Health care professionals and researchers have known for several years that a link exists between irritable bowel syndrome (IBS) and migraine, and a small recent study shows that food may play an important role in reducing symptoms in both disorders.

Researchers in Istanbul, Turkey, designed a study to evaluate the benefits of a diet in which patients eliminate foods that provoke an immune response and elevate Immunoglobulin G (IgG) antibodies. Such diets have previously proven beneficial for improving symptoms in both migraine and IBS.

When on the elimination diet, participants’ IBS symptoms improved, ranging from less severe pain and bloating to improvements in the severity of diarrhea and constipation. Participants also reported greater quality of life, including greater happiness at home and work. Concerning migraine symptoms, nearly 67% reported at least a 30% reduction in migraine days, and nearly 48% reported at least a 50% reduction in migraine days.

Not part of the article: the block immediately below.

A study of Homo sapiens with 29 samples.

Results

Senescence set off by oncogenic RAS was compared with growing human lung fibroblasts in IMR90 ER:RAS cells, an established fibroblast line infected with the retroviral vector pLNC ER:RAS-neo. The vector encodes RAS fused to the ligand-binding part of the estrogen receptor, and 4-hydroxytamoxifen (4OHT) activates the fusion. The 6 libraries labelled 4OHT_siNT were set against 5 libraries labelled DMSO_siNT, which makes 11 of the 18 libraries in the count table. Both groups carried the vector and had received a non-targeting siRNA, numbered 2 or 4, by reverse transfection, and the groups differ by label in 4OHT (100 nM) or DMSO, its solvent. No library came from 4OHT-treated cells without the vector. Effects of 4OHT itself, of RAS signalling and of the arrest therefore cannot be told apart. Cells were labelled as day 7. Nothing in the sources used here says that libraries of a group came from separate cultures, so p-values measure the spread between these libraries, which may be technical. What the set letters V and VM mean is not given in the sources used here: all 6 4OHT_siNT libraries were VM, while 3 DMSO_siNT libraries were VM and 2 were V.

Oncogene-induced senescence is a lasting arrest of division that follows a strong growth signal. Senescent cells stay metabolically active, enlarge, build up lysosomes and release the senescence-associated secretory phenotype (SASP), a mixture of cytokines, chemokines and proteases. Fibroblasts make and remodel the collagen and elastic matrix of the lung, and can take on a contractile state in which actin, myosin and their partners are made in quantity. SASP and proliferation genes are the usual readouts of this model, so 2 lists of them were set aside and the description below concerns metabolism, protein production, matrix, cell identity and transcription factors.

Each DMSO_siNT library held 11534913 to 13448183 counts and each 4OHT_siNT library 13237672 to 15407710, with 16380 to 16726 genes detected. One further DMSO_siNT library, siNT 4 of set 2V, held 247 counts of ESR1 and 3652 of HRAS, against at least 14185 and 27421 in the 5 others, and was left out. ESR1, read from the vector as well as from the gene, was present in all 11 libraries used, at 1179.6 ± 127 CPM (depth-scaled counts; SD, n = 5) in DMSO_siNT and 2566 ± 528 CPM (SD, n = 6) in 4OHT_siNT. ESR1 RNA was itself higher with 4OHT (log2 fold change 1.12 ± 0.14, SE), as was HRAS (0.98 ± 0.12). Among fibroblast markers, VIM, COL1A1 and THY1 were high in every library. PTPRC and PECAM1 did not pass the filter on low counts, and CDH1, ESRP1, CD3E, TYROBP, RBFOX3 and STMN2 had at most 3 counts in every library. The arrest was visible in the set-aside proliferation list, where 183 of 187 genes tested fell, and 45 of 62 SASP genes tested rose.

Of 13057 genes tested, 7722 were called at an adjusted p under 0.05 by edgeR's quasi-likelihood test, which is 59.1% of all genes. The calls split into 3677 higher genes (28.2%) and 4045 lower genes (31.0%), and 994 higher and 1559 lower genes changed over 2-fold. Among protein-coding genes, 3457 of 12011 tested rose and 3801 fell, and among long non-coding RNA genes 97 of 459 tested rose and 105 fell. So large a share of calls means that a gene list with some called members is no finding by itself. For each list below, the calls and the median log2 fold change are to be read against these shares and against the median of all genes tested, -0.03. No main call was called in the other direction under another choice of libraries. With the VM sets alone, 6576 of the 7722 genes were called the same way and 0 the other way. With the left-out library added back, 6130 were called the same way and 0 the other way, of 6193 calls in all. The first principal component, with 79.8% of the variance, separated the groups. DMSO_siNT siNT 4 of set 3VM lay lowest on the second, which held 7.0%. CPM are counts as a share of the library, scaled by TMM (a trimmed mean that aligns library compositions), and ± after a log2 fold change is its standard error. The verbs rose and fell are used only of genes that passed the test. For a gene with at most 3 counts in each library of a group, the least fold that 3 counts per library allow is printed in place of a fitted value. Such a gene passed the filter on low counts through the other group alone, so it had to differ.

Specifically, the authors noted, the tailored elimination diets decreased lymphocyte proliferation responses, improved clinical outcomes and decreased the release of inflammatory agents.

When the offending foods were re-introduced into the diet, symptoms of both disorders increased, and patients who had improved relapsed.

The authors note that food elimination diets and food challenges are considered to be time consuming for both patients and health care professionals, and require that patients be motivated and compliant with the dietary plan. For this reason, the authors do not recommend a general elimination diet, but encourage diets tailored to the individual and based on serum IgG antibody titers. The tailored-made diets are expected to be the easiest for patients to follow because they would most likely require removal of fewer foods than a general plan, thus leading to increased compliance and the most success.

The lead author of the study was Elif Ilgaz Aydinlar, MD, of the Department of Neurology at the Acibadem University School of Medicine in Istanbul, Turkey. The article appeared online last month in the journal Headache.